A Delburne man has been cleared by a jury of any wrongdoing in connection with the 2016 fatal rollover death near Lousana of a man driving a stolen truck.
A jury found Daniel Wayne Newsham, 47, not guilty of any charges related to the collision that occurred after a lengthy pursuit down rural roads.
Newsham was charged with manslaughter and accused of causing the collision that led to Stanley Dick’s death on Highway 42. A five-day trial in Red Deer Court of Queen’s Bench finished Monday.
Justice Eric Macklin told the seven-man, five-woman jury there were four possible verdicts: not guilty, or guilty of manslaughter, dangerous driving causing death or dangerous driving.
After about six hours of deliberations that began Monday afternoon, the jury found Newsham not guilty of any charge on Tuesday morning.
“We’re relieved, very relieved with the verdict,” said Calgary defence lawyer Balfour Der outside the courthouse. “I’m convinced it was the right verdict and the only verdict the jury could’ve come up with here.
“I’m pleased for my client. He’s got a wife and a young family and it’s been really hard on him.”
During the trial that began last Tuesday, the jury heard Newsham and his friend Karl Raniseth were driving around when they came across Dick in Delburne on the evening of Aug. 14, 2016.
Suspicious, they tried to get the licence number of Dick’s black Dodge Durango, but he drove off with Newsham in pursuit at the wheel of his customized, jacked-up Dodge Ram truck.
At one point, police were called and an officer warned Newsham not to follow Dick’s truck, advice that was ignored.
Dick, 32, wound up on a rural property, where he crashed the Durango into bulk fuel tanks. He then stole a Ford F-150 and drove off, hitting the SUV of a neighbour who had come to investigate.
Newsham and Raniseth, with the owner of the stolen pickup in the back seat, followed Dick to Highway 42.
Dick slammed on the brakes and cut Newsham off when he tried to pass, before the two vehicles clipped each other and Dick lost control shortly before 11:30 p.m.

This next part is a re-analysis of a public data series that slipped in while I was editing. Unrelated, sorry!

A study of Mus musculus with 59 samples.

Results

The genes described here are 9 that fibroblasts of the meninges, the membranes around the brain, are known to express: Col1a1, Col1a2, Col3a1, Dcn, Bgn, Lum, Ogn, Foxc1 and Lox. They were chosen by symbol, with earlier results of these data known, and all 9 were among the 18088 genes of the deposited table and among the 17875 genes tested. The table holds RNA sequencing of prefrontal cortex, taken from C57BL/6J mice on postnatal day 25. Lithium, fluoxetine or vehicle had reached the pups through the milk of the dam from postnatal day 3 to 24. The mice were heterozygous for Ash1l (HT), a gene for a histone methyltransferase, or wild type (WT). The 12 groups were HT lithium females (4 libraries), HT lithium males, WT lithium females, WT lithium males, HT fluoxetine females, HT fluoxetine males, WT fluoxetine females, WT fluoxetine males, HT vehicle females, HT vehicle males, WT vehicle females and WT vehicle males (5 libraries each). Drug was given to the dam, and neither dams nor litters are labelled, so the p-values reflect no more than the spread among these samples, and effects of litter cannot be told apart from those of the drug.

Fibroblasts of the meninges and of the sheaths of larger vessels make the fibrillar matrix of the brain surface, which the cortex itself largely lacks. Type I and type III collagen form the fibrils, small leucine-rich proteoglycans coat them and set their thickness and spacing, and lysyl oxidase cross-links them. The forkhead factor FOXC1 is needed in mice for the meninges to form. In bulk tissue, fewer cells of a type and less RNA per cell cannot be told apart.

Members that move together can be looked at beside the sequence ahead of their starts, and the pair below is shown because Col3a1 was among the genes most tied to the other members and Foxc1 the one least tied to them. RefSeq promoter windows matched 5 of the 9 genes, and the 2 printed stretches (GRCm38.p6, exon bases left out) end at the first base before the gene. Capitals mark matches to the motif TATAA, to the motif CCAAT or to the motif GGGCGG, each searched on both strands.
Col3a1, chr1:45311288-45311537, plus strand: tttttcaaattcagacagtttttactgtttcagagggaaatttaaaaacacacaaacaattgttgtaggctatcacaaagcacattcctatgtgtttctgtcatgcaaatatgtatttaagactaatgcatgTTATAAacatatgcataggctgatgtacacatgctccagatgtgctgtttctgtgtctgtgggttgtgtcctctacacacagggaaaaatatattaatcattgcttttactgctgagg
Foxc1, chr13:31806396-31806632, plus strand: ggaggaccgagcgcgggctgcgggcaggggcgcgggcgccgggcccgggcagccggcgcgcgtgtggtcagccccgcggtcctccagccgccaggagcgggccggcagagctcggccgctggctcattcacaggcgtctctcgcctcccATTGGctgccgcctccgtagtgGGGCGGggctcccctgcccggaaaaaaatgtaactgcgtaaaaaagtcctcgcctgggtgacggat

Dick, who was not wearing a seatbelt, was thrown from the pickup, landing on the highway. He died later in hospital.
Der said Newsham and the two other eyewitnesses in his truck all testified their vehicle was hit by Dick’s truck. A forensic collision reconstructionist testified that was the most plausible explanation for the crash.
An RCMP collision reconstructionist believed the evidence showed Newsham hit Dick’s truck, but could not rule out the reverse happened.
From the beginning, Newsham expressed his sadness that the evening’s events led to Dick’s death, said Der.
“So he’s relieved on the one hand, but on the other hand, he has always maintained that he’s sorry that this incident happened and someone lost their life.
“He has mixed emotions, but he’s glad that it’s at an end, though.”
Der was asked if Newsham regretted following Dick.
“I don’t know if regret for his actions is the right word, but it’s close to the right word. Because as he said, even right at the scene to a policeman, that he would never ever do anything like that again.
“It’s funny what happens to people in the heat of the moment.
“You can understand it from his perspective, or any of these rural business people or farmers who are out there who are the victim of all these crimes, and it’s so hard for the police to get there to catch anyone. So you can understand them doing what they think they can do to help, which may not be helpful.
“And as I said to the jury, it may have been ill-advised or foolish, but certainly what he was doing wasn’t wrongful.”
Crown prosecutors, who told the jury that Newsham acted with “reckless disregard” and should be found guilty, said outside court they did not have the authority to comment.